Trump back at White House after discharge from hospital


President Donald Trump of United State.

Washington — President Trump left Walter Reed Medical Center just after 6:30 p.m. ET on Monday, hours after the medical team treating him for COVID-19 cautioned that he’s “not out of the woods yet.” He got back to the White House shortly before 7 p.m., where he gave a thumbs up before walking inside and taking off his mask.

He soon tweeted a minute-long video from the balcony, saying he’d “learned so much about coronavirus” and believes he might be immune to it. “One thing that’s for certain: Don’t let it dominate you,” he said of COVID-19. “Don’t be afraid of it. You’re going to beat it.”

The president’s attitude alarmed many infectious disease experts, who said he should have stressed precautions Americans should take to try to avoid getting the coronavirus.

Earlier Monday, Dr. Sean Conley, the White House physician, told reporters Mr. Trump will be “surrounded by world-class medical care, 24/7” at the White House.

He’s being treated with dexamethasone, a powerful steroid recommended for use in severe cases of COVID-19. The drug can carry serious psychological side effects, but Conley said the president hasn’t exhibited any of them. He repeatedly declined to provide specifics about the president’s lung condition or the last time Mr. Trump tested negative for the virus, citing federal privacy laws.

Meanwhile, the outbreak at the White House continued as more staff members tested positive. Press secretary Kayleigh McEnany said Monday that she’d tested positive for COVID-19, and sources with knowledge of the matter confirmed to CBS News that one of her deputies had tested positive, as well.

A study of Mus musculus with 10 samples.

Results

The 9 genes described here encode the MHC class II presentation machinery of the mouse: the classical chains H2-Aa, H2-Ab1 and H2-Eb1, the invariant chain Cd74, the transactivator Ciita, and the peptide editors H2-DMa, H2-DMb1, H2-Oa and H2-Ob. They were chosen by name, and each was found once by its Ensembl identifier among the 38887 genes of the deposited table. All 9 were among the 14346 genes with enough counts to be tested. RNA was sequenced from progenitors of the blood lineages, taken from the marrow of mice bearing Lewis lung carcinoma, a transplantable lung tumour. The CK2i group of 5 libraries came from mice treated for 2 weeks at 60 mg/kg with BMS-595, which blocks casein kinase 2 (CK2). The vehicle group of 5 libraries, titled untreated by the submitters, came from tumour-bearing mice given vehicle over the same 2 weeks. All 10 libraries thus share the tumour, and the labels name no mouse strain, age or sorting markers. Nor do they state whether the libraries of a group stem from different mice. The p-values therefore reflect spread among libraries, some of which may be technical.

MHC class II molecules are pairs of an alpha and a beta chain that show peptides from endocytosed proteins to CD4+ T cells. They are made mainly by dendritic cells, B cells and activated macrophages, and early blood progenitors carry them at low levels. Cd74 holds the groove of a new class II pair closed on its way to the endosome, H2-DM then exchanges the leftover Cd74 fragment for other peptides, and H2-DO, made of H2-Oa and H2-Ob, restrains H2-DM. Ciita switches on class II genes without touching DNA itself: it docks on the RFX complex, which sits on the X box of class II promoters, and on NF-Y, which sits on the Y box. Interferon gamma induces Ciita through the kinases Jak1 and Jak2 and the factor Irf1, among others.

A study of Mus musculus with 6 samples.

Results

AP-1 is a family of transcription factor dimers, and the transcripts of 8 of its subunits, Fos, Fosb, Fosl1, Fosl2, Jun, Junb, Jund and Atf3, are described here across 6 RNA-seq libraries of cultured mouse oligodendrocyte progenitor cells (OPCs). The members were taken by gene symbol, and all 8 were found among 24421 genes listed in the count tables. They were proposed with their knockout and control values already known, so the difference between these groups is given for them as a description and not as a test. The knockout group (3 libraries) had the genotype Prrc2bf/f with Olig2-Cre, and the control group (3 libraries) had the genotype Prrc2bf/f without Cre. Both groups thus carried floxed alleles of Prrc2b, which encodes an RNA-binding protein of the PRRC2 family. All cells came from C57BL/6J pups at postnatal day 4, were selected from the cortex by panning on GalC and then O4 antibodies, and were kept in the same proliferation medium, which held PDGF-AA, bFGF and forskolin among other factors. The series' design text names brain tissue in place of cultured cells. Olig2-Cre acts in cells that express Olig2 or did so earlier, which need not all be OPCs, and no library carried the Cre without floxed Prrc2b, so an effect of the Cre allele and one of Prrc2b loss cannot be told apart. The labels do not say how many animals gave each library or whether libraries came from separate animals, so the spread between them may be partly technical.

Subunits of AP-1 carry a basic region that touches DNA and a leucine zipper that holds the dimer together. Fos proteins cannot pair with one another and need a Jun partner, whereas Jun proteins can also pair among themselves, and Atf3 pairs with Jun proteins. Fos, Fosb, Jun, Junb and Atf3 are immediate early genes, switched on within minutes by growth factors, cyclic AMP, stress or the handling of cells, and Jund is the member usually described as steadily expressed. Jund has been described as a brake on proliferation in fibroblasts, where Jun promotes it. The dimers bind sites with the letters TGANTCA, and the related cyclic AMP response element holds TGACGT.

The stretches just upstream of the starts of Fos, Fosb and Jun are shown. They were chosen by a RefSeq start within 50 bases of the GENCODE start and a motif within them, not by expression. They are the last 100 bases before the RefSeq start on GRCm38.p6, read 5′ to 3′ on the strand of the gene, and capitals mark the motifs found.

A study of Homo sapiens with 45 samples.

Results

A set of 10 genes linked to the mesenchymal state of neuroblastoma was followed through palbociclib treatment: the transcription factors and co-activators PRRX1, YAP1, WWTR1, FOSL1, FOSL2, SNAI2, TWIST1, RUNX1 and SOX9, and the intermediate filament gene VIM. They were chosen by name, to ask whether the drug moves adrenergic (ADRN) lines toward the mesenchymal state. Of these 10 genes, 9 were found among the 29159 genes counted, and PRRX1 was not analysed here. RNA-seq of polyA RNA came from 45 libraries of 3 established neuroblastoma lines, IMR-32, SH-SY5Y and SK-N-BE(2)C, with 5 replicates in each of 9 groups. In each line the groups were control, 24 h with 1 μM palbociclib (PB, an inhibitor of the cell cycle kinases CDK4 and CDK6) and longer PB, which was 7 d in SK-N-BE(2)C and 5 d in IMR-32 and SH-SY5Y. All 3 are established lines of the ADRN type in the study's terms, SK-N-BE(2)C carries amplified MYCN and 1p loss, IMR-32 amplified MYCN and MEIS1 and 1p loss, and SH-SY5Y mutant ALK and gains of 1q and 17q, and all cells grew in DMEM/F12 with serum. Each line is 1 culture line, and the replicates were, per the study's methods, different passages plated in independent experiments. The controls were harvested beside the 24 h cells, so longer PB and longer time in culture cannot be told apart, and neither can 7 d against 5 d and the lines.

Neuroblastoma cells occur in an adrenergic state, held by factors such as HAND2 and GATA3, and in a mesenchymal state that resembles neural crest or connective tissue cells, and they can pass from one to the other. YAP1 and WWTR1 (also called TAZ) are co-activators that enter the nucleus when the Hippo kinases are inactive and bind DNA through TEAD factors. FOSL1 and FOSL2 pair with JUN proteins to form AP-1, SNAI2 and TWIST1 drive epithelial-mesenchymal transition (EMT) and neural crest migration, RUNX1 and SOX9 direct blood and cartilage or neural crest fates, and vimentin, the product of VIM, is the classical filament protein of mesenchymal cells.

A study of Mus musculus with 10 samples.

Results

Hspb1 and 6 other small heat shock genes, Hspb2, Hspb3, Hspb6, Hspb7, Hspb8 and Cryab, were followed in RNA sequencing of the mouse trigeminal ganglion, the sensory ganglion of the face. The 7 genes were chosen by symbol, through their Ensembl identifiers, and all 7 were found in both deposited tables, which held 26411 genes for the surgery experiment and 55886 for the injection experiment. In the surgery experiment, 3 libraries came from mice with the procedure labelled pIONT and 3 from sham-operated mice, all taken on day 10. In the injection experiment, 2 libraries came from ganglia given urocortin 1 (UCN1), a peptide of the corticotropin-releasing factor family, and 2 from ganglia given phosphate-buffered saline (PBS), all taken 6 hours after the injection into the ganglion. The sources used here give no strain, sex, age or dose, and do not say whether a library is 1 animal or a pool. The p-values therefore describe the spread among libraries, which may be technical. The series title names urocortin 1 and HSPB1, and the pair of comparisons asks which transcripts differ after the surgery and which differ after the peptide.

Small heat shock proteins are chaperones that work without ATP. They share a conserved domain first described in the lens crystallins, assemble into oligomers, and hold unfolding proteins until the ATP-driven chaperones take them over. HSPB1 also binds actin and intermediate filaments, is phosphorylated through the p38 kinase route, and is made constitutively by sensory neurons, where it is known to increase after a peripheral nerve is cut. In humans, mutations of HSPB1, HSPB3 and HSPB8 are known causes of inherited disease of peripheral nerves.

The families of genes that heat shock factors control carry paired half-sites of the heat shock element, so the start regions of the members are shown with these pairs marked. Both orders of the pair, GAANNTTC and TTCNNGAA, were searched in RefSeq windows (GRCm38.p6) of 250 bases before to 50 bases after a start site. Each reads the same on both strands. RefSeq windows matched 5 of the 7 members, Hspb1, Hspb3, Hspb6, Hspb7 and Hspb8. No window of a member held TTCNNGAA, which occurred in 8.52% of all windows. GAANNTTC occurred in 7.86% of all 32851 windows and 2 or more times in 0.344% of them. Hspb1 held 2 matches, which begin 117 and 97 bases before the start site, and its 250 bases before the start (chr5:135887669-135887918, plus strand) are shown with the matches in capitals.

Disease experts alarmed by Trump’s message
Mr. Trump immediately ignited a new controversy when he got back to the White House after being discharged from Walter Reed Medical Center Monday evening by declaring that, despite his illness, the nation shouldn’t fear COVID-19.

Mr. Trump’s message alarmed infectious disease experts and suggested his own illness hadn’t caused him to rethink his often-cavalier attitude toward the disease.

“Don’t be afraid of it,” Mr. Trump said of the virus. “You’re going to beat it. We have the best medical equipment, we have the best medicines.”

“We have to be realistic in this: COVID is a complete threat to the American population,” Dr. David Nace of the University of Pittsburgh Medical Center, said of Mr. Trump’s comment. “Most of the people aren’t so lucky as the president,” with an in-house medical unit and access to experimental treatments, added Nace, an expert on infections in older adults.

“It’s an unconscionable message,” agreed Dr. Sadiya Khan of Northwestern University Feinberg School of Medicine. “I would go so far as to say that it may precipitate or worsen spread.”

Likewise, Democratic presidential nominee Joe Biden, who spent more than 90 minutes on the debate stage with Mr. Trump last week, said during an NBC town hall Monday night that he was glad Mr. Trump seemed to be recovering well, “but there’s a lot to be concerned about — 210,000 people have died. I hope no one walks away with the message that it’s not a problem.” Biden tested negative for the virus on Sunday.

Trump tweet angers pandemic survivors
Some survivors of COVID-19 and people who have lost loved ones to the pandemic are angry over President Trump’s advice not to fear the disease.

The world’s most prominent coronavirus patient tweeted Monday that he’s feeling great and that people shouldn’t let COVID-19 dominate them.

Seneca Nation member and New York resident Marc Papaj lost his mother, grandmother and aunt to the virus. He was finding it tough to follow the president’s advice not to let the virus “dominate your life.” On the contrary, he says his loss will forever dominate the rest of his life.

At least 210,000 Americans have died from the virus since March.